If you are going through the latest hot water tank options, then this guide will surely help you with making the perfect choice for your home. Did you know water heater is the 2nd largest investment costing you 14-18% of the total power bill? While the focus is on getting the best hot water tank, you should also focus on the energy efficiency and power savings too.
Where to get started? We shall go through the basic considerations and on how to choose the best suitable one.
Which Hot Water Tank Is Right for You?
Moved to a new house? Did you recently renovate your home? If yes, then I am sure you had plenty of things to do- right from flooring to the décor details. When things go hectic, you may miss out on some essentials like the Hot Water Tank also referred to as water heaters.
With the umpteen water heaters in the market, you will surely feel bamboozled! Where to start from? What should I consider for buying? The answer is given below:
Water Heater Types Compared
Basically, there are 5 types of hot water tanks, something that you should know before the purchase. They are as follows:
- Conventional Storage Hot Water Tanks – provides a reservoir filled with hot water.
- Tankless Hot Water Heater – heats the water, devoid of any storage utility.
- Heat Pump Water Heater – move the heat from one place to another instead of heating the water.
- Solar Water Tanks – they use the sun’s power for heating the water.
- Indirect Hot Water Tanks – these systems make use of the space heating setup for generating hot water.
Now you see, all these hot water heaters for sale are great but it’s important to know the pros and cons of them.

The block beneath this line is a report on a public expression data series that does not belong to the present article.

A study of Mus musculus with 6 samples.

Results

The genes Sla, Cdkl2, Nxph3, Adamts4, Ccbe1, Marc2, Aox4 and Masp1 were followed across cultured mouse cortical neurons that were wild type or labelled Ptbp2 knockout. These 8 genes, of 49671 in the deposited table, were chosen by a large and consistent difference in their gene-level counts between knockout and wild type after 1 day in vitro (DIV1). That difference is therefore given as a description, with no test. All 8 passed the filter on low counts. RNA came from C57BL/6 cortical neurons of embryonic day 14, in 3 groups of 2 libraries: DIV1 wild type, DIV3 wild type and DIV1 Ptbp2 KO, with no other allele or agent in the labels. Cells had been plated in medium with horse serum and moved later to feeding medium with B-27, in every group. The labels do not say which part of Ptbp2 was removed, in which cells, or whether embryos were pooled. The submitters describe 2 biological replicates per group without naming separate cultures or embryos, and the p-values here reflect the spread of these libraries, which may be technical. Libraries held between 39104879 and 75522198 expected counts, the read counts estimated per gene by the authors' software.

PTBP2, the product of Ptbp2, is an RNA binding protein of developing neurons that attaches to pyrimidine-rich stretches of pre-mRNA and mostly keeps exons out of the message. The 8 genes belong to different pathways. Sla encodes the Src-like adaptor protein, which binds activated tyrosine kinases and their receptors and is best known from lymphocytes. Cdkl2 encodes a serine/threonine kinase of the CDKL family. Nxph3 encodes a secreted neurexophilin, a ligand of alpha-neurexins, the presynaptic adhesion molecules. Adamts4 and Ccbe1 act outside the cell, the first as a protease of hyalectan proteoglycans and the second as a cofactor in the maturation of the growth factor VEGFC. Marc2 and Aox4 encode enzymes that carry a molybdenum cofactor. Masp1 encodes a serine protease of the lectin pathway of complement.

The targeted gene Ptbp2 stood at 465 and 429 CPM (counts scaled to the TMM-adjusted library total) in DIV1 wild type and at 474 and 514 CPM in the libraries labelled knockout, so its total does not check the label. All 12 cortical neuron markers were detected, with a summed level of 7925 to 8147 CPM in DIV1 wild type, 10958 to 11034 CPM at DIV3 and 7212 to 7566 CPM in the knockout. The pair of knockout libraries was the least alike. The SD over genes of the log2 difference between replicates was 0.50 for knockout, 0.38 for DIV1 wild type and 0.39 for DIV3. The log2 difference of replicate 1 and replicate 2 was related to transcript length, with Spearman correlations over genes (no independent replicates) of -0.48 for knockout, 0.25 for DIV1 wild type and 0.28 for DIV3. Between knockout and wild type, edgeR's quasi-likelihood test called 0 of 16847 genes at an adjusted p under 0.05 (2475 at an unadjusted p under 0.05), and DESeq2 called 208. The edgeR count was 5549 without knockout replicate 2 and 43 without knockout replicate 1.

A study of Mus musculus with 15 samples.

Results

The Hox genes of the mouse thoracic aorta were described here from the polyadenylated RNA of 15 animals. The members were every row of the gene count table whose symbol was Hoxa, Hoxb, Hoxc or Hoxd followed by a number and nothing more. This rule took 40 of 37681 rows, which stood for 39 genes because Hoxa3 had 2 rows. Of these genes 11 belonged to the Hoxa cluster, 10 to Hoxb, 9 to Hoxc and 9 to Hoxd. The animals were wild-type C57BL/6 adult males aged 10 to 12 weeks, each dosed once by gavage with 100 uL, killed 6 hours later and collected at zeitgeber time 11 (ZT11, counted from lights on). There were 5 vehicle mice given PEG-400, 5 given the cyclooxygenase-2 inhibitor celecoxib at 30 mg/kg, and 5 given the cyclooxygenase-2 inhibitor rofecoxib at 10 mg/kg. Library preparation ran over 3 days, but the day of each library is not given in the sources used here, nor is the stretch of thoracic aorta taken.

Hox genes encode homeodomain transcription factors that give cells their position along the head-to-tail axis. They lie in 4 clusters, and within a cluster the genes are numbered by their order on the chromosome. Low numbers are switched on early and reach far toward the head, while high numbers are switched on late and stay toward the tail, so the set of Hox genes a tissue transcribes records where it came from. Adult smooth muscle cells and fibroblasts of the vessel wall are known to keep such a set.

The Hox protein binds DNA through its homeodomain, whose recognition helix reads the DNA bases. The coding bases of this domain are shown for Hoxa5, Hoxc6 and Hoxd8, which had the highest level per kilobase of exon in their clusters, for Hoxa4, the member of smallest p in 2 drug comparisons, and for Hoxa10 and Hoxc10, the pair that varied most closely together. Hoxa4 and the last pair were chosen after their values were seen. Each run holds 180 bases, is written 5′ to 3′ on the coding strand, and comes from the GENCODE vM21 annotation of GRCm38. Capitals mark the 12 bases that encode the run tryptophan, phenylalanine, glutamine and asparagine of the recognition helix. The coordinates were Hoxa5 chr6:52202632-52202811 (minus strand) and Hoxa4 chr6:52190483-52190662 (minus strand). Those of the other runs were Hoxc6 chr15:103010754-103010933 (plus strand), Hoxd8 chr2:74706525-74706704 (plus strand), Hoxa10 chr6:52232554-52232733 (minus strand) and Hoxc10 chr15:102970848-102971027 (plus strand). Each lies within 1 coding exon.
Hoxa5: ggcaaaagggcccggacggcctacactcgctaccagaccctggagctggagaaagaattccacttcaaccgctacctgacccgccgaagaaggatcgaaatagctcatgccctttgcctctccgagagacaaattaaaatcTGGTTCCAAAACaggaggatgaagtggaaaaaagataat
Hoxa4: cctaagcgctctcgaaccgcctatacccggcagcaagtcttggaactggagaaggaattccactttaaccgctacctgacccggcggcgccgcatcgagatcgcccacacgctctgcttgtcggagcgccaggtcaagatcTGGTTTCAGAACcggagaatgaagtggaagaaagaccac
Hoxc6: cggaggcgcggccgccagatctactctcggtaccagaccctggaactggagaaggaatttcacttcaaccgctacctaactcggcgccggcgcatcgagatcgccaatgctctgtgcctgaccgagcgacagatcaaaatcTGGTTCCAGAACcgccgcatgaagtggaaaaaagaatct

For example, the storage water heaters are low-cost in the initial stages however less efficient compared to the tankless water heater.
Solar water tanks are found to be 50% more efficient than the gas/electric heating system. But they are high on installation cost and you got to have a backup plan for the rest cloudy days.
Traditional water heaters take up a lot of space, whereas tankless water heaters are smaller and can be affixed to a wall. Tankless water heater are more modern with a sleeker design and improve the overall look-feel of the room.
On the other hand, if you have enough space for installing a traditional water heater then you may not have to worry about this.
Unlike a tankless system, if a power outage occurs, a traditional tank will not be affected. Both traditional and tankless units have energy star ratings, and all newly installed tanks must meet a 65% minimum efficiency.
Hot water tanks run on different types of fuel like electricity, fuel oil, natural gas, geothermal energy, propane, solar energy, etc. You need to check the fuel availability in your area and consider the long-run scenario for each fuel option.
Size of the family
This is a no brainer thing. You must consider the number of the people at your place and multiply it with the average water usage of each member. The answer that you get should be the minimum output value of the hot water tank you are considering for buying.
If you are considering a tankless water heater, then it can go well in multiple locations. For example, tankless water tanks can be installed inside the bathroom as they don’t take much space. Whereas, the traditional tanks are limited in location due to their size (50-60 gallon storage).
Hot water tank installation can be a tricky business. The water tanks that run on heat pumps also require 40°-90°F temperature all around the year, along with 1000 cubic feet space! Therefore, a particular type of water heater will have their own specifications that you need to note before installation.